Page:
Walker weighing whether to undergo foot surgery

Walker weighing whether to undergo foot surgery

SEATTLE -- For Taijuan Walker, the just-completed season was a tale of the good, the bad and the painful. Which is why the 24-year-old right-hander will be consulting with Mariners doctor Ed Khalfayan on Tuesday to determine whether to have surgery on his right foot.

This year's roller-coaster ride wasn't all about Walker's foot. He reworked his throwing mechanics late in the season and saw some dramatic improvement. But he also dealt with a nagging case of tendinitis in his right arch that led Dr. Robert Anderson, a specialist in North Carolina, to suggest it might help to shave down a bone that is slightly too long in his foot and could be causing some of that issue.

The Mariners would certainly like to get Walker right because when he was on this year, he looked like a potential No. 1 or 2 starter. In his first four games in April, Walker went 2-0 with a 1.44 ERA. And in his last five starts after redoing his mechanics with pitching coach Mel Stottlemyre Jr., he was 4-1 with a 2.93 ERA.

Combine that start and finish, and Walker was 6-1 with a 2.26 ERA and 55 strikeouts with 16 walks in 55 2/3 innings over nine outings.

But the 16 starts in the middle of his season? Not so good, as Walker was 2-10 with a 5.61 ERA with 64 strikeouts and 21 walks in 78 2/3 innings.

"Taijuan was all over the board," manager Scott Servais acknowledged. "I think he's learned a lot, but he's a guy that certainly needs to work on things. We need the good Taijuan for consistent stretches, longer stretches next year."

He'll get no argument from Walker, who had a similar assessment of his year.

"It was up and down," Walker said. "At the start of the season, I thought for sure, 'Hey, this is it. This is going to be a really good year.' I don't want to use it as an excuse, but right after I got hurt, things kind of went downhill from there. Then it was up and down until this last month, which was really good and something to go into the offseason with."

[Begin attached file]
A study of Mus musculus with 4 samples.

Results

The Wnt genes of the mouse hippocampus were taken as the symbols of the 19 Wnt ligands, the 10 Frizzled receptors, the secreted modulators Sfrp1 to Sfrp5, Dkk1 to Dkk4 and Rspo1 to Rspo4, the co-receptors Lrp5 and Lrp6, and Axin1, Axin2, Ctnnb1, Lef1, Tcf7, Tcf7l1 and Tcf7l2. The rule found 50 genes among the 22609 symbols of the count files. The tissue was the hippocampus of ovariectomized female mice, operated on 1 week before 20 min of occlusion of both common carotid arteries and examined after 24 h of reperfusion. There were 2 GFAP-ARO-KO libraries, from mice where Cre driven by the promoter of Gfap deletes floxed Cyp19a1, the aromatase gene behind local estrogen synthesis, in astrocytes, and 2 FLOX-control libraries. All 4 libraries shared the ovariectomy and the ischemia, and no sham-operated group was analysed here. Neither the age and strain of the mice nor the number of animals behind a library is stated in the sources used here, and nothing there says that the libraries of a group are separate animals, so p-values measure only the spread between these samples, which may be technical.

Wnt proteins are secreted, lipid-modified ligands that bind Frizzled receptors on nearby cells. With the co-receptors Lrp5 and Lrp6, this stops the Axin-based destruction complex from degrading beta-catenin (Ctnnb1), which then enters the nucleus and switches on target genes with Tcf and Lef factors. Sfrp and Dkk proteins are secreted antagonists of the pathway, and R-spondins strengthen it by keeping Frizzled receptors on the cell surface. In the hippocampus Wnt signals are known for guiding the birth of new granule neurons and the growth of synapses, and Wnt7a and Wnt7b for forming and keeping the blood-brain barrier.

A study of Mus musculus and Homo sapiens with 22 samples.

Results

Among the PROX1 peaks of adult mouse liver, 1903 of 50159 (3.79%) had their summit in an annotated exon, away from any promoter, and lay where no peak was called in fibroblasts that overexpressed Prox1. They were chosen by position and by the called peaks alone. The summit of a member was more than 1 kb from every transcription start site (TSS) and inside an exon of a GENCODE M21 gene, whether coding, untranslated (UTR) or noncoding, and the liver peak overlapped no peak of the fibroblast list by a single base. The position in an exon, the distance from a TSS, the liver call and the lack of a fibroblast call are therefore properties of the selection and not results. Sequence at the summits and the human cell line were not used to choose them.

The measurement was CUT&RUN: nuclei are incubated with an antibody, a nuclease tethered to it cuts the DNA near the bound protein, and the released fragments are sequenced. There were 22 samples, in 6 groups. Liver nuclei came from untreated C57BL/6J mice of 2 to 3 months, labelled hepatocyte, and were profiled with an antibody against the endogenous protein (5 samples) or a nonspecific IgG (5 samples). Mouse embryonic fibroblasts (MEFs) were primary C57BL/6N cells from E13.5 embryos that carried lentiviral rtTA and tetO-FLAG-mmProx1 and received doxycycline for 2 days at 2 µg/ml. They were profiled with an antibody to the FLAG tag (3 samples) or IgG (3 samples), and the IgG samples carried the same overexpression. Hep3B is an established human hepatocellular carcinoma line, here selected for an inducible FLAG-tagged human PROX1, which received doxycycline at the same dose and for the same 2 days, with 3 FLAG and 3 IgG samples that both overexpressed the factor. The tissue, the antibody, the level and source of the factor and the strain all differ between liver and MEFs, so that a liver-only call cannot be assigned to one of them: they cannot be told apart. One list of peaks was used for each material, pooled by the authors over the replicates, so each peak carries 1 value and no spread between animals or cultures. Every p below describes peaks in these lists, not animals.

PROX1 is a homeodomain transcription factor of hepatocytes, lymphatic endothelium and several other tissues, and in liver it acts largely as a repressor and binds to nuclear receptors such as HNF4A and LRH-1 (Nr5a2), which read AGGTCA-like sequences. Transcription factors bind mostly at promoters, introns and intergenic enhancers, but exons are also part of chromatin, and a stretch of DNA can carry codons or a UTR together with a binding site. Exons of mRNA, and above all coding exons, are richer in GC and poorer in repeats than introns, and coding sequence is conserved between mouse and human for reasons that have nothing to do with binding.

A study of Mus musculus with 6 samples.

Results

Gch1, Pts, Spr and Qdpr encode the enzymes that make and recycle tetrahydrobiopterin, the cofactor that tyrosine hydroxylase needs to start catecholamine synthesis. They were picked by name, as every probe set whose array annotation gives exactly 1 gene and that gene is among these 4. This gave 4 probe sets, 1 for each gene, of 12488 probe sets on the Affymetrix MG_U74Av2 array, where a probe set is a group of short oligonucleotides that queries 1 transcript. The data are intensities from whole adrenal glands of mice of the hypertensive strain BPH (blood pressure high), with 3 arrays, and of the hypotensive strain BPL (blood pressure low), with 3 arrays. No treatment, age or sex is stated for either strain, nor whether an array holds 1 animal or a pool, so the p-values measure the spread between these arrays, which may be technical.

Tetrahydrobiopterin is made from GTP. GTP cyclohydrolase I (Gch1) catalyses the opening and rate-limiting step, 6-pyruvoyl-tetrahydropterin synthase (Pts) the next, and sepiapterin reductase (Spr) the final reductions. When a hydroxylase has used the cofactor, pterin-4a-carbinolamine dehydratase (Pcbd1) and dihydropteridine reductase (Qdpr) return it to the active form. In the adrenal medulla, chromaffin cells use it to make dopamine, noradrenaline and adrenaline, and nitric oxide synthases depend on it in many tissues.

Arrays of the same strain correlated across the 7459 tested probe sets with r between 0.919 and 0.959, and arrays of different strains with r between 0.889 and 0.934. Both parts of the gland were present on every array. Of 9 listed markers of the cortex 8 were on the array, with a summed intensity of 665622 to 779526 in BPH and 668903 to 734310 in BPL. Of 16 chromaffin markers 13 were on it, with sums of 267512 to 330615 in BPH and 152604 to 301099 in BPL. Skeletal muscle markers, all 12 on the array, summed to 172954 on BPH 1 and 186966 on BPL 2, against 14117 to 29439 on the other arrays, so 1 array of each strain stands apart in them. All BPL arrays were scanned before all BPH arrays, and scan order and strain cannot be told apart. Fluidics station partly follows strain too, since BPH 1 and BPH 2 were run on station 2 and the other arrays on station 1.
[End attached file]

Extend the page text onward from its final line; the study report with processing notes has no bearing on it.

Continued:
The challenge now will be deciding whether it's better to have surgery on the foot and spend much of his offseason in recovery, or count on the foot healing on its own and using the winter months to condition and continue refining his mechanics.

He had an MRI on the foot on Monday and will review the findings with Khalfayan before making any decision on surgery.

"If I can avoid it, I will," he said. "But at the same time, I don't want to have the same issue next year. It really affected me a lot, so I'd rather get it taken care of. When I talked to Dr. Anderson, he said it would be anywhere from a three- to four-month recovery to be ready to pitch, so it would have to be within the next couple weeks."

Complicating matters is that Walker said the foot improved in his last few outings and he didn't feel any pain in his final start, when he allowed just two hits and one run in six innings in a 5-1 win over the A's.

Either way, Walker said he's going to stay in Seattle this offseason and work out with fellow starter James Paxton and will continue fine-tuning the new delivery he's incorporated in conjunction with Stottlemyre.

"Once I figure out what's going on with my foot, we'll put a plan together and really hammer it and get it so we don't have to worry about working on new stuff next year. Even between all these last few starts, we were still tweaking and figuring things out. So having a whole offseason to work on it is going to really help."

More medical news

Two Mariners relievers are also pondering offseason surgeries. Steve Cishek has been pitching the last six weeks with a slight tear in his right hip labrum and could undergo a procedure to repair that.

Right-hander Tony Zych, who was shut down for the final month after trying to return from a shoulder issue, could also be facing surgery. General manager Jerry Dipoto said the recovery time for both of those potential surgeries would be only a few months.

Greg Johns has covered the Mariners since 1997, and for MLB.com since 2011. Follow him on Twitter @GregJohnsMLB and listen to his podcast. This story was not subject to the approval of Major League Baseball or its clubs.